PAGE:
Food trucks bring local community into Baylor bubble during pandemic era

Waco resident, Raymond Banuelos works the Waco Cha truck on campus. Emileé Edwards | Photographer

By Ava Dunwoody | Staff Writer

Local eateries around Waco have teamed up with Baylor University in a new initiative to bring food trucks on campus. Sept. 18 will mark the end of the first round of food trucks, which included Waco Cha and Heart of Texas Dog House.

Jordy Dickey, assistant director of student union at Baylor, said the student activity department has reached out to local businesses and invited them to come to campus. From there, companies filled out an application, completed permit forms and scheduled a time to park their trucks.

“A robust line-up of food trucks will participate in a rotation program throughout the fall semester serving for a two-week period Monday thru Friday,” Baylor’s student activities website said.

Every two weeks, two different trucks will be on campus, one located behind Rosenbalm Fountain and another in front of Waco Hall, Dickey said. After one week, the trucks will swap locations. The schedule can be found on the student activities website.

The idea for the food truck initiative began when Aramark, the company who runs Baylor’s food services, met with Student Activities to determine what would replace the now removed Freshii from the Bill Daniel Student Union Building. Dickey said they wanted something where “we could showcase our Waco partners.”

They came up with “Revolve,” which was what they were planning on calling the empty space where Freshii once operated. The plan was to have different restaurants from around Waco come in for two-week periods to serve their food to Baylor students.

“This would be an opportunity to support local small businesses and to also support our minority owned businesses,” Dickey said. The intent was to “offer a wide array of a culinary experience that really helps Baylor resonate that you are not only a Baylor Bear, but you are a Wacoan.”

Everything changed when COVID-19 shook things up. Dickey said the empty space in the SUB was instead needed for the “expansion of food operations” so that students would “have more grab-and-go options.” The space is currently being used by Grubhub, a food delivery service.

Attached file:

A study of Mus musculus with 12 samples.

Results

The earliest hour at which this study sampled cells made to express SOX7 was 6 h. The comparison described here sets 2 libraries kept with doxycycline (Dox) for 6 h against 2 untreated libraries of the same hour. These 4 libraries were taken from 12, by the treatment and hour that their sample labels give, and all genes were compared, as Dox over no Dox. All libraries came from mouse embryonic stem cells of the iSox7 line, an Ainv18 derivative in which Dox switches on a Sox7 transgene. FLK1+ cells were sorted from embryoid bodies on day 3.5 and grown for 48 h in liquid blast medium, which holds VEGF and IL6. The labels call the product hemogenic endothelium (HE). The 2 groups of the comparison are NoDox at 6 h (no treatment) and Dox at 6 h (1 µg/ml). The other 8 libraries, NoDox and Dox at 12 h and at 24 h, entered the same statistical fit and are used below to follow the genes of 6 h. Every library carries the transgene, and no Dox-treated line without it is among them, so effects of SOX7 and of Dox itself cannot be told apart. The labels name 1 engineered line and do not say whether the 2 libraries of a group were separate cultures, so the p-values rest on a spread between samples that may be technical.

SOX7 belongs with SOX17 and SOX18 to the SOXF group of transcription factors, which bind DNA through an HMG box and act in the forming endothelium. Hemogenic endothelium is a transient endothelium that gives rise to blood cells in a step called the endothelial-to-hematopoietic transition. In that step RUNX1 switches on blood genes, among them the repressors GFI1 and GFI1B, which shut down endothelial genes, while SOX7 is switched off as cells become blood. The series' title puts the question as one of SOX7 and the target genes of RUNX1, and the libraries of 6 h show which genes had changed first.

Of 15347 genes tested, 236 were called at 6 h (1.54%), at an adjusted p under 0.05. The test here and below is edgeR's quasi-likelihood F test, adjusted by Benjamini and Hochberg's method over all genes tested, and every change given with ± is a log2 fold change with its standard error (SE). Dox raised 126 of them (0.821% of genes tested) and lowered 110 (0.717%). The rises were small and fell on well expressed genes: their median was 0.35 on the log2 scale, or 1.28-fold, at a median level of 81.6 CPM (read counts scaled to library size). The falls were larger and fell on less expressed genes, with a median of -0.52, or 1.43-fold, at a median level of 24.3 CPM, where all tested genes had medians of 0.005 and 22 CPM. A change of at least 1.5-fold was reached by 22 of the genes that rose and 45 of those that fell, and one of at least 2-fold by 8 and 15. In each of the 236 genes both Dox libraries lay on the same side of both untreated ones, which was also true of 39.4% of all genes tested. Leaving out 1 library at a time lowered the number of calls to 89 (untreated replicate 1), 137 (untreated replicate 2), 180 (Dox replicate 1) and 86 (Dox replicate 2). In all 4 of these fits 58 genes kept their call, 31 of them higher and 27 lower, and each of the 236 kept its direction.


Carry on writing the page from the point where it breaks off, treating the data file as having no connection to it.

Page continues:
“We thought the idea was on pause,” Dickey said, “but then we thought, ‘what if we did it in food trucks? So we decided to relaunch the concept.”

Now, Baylor’s partnership has brought two food trucks to campus so far with the help of Solid Gold Neighbor, with plans on continuing the rotations through the fall semester. “A small percentage” of the revenue from the food sales is going to Aramark, but the majority goes to the eateries, Dickey said.

Montville, N.J., freshman Ryan Moss visited the Heart of Texas Doghouse near Fountain Mall on Sept. 15. He said he had heard about the food truck initiative from a lot of his friends who had already gone earlier that week.

“I think it’s a really cool idea,” he said as he waited for his hot dog. “It’s really convenient when I’m walking to and from a class. This is right on my way from my Tuesday 11 a.m., so it’s more convenient than even going to the dining hall.”

Heart of Texas Dog House employee Victoria Salcedo took Moss’ order that day, and she said she liked the environment on campus.

“It’s a new opportunity for more people to hear about us and spread the word,” Salcedo said.

Salcedo said the business normally parks at the Magnolia Silos and was excited for the chance to serve Baylor students. Heart of Texas Dog House, among the many other companies getting involved with food trucks on campus, was founded in Waco and operates locally.

“Our small businesses give so much to the community,” Dickey said. “They are bringing their gifts and their talents and really helping Waco to continue to flourish. Food is a really central community bonding aspect of what makes this city so great.”

Dickey said they may return to the Revolve idea after the fall semester, but for now, they are focusing on doing what they can to bring food around Waco to students in unique ways amid challenges caused by COVID-19. She said she believes the food truck initiative helps to “provide a sense of hope” that Waco will become “a stronger community beyond this.”

Above all, Dickey said she hopes that Baylor students will begin to see what the food scene in Waco has to offer. She said that by providing these food trucks on campus, Baylor is allowing its students to experience places they might not have had the chance to get to yet.

“Here is the food that makes up our community,” Dickey said. “It’s diverse, it’s vast, and it’s absolutely delicious.”